The covid19 pandemic has had an impact on a number of aspects of our society, primarily on the healthcare system and the economy, but also on the hospitality industry. This situation has affected many countries but especially the ones whose economy is greatly dependent on tourism, such as Italy.

Nevertheless, assets in the hotel industry remain attractive and there are a number of opportunities for real estate investments especially in cities like Venice, Milan, Florence and Rome. Some examples are represented by the French group Covivio which purchased seven hotels in Italy in September for €573m, or the New York hedge fund Elliott Management which sold the well-known hotel Bauer in Venice to the Austrian real estate group Signa. According to a number of Italian hotel owners, international speculators are taking advantage of the lack of government intervention to purchase hotels at very low prices. This was the case for Compagnia Italiana Grandi Alberghi, for instance, which owned the country’s biggest hotels in Venice, Rome and Milan and was sold to the US hotel group Sheraton International in 1995, following a painful debt restructuring.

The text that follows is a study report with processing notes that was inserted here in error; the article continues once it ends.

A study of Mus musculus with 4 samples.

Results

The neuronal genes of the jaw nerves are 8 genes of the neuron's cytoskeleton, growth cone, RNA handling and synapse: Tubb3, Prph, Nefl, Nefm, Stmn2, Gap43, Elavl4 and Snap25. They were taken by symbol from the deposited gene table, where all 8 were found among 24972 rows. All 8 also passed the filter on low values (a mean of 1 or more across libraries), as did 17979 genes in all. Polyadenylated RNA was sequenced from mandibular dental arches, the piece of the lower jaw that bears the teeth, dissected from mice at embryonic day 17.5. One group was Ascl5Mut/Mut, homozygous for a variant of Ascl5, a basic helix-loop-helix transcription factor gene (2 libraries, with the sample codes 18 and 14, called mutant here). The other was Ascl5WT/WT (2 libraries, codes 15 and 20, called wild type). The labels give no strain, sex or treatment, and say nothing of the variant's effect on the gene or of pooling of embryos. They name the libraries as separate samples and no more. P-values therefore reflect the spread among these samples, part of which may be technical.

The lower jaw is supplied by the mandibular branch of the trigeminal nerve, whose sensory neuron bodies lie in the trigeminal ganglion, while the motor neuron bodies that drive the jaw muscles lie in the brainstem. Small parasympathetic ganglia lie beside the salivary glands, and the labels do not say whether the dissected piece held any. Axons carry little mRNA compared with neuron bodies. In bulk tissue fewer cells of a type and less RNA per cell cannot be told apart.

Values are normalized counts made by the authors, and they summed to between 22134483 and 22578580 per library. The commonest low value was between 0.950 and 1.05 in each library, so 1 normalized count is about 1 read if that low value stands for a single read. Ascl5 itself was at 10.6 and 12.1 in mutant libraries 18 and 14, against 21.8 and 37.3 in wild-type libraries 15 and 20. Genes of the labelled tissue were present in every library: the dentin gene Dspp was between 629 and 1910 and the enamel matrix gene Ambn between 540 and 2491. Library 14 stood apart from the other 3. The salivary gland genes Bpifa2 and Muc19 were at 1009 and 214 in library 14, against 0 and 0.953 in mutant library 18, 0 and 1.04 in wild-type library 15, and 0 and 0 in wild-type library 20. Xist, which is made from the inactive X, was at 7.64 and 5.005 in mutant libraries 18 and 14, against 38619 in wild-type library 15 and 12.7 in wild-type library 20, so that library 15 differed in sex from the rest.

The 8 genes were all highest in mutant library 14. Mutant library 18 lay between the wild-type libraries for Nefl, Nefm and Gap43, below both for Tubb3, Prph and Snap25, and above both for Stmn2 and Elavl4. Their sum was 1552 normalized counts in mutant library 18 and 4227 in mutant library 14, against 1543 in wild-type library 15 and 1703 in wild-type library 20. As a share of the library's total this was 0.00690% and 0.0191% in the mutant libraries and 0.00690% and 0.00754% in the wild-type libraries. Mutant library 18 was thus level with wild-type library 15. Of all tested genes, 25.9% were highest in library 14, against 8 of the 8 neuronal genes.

In order to promote investment in the hospitality sector, the state-backed investor Cassa Depositi e Prestiti, the biggest institutional hotel owner in Italy, has launched a €2bn real estate fund to take over the properties while leaving the management to the former owners with the aim of selling them back to them after 10 years. But even if this opportunity may seem advantageous, some investors believe this cannot be a long-term solution. According to Paolo Barletta, chief executive of Gruppo Barletta, Italy needs international luxury hotel brands that can bring affluent tourists to the country. As a matter of fact, together with Nicola Bulgari (Bulgari’s founder’s grandson), Mr. Barletta has recently launched Arsenale, a company that will focus on purchasing and renovating hotels in leading Italian tourist destinations that will be run by international hospitality brands.

Will this crisis be an opportunity for change? What is the outlook for the Italian hospitality system? While these questions remain unanswered one thing is certain: the Italian hospitality system will need to rethink strategies for post-covid development and revenue management.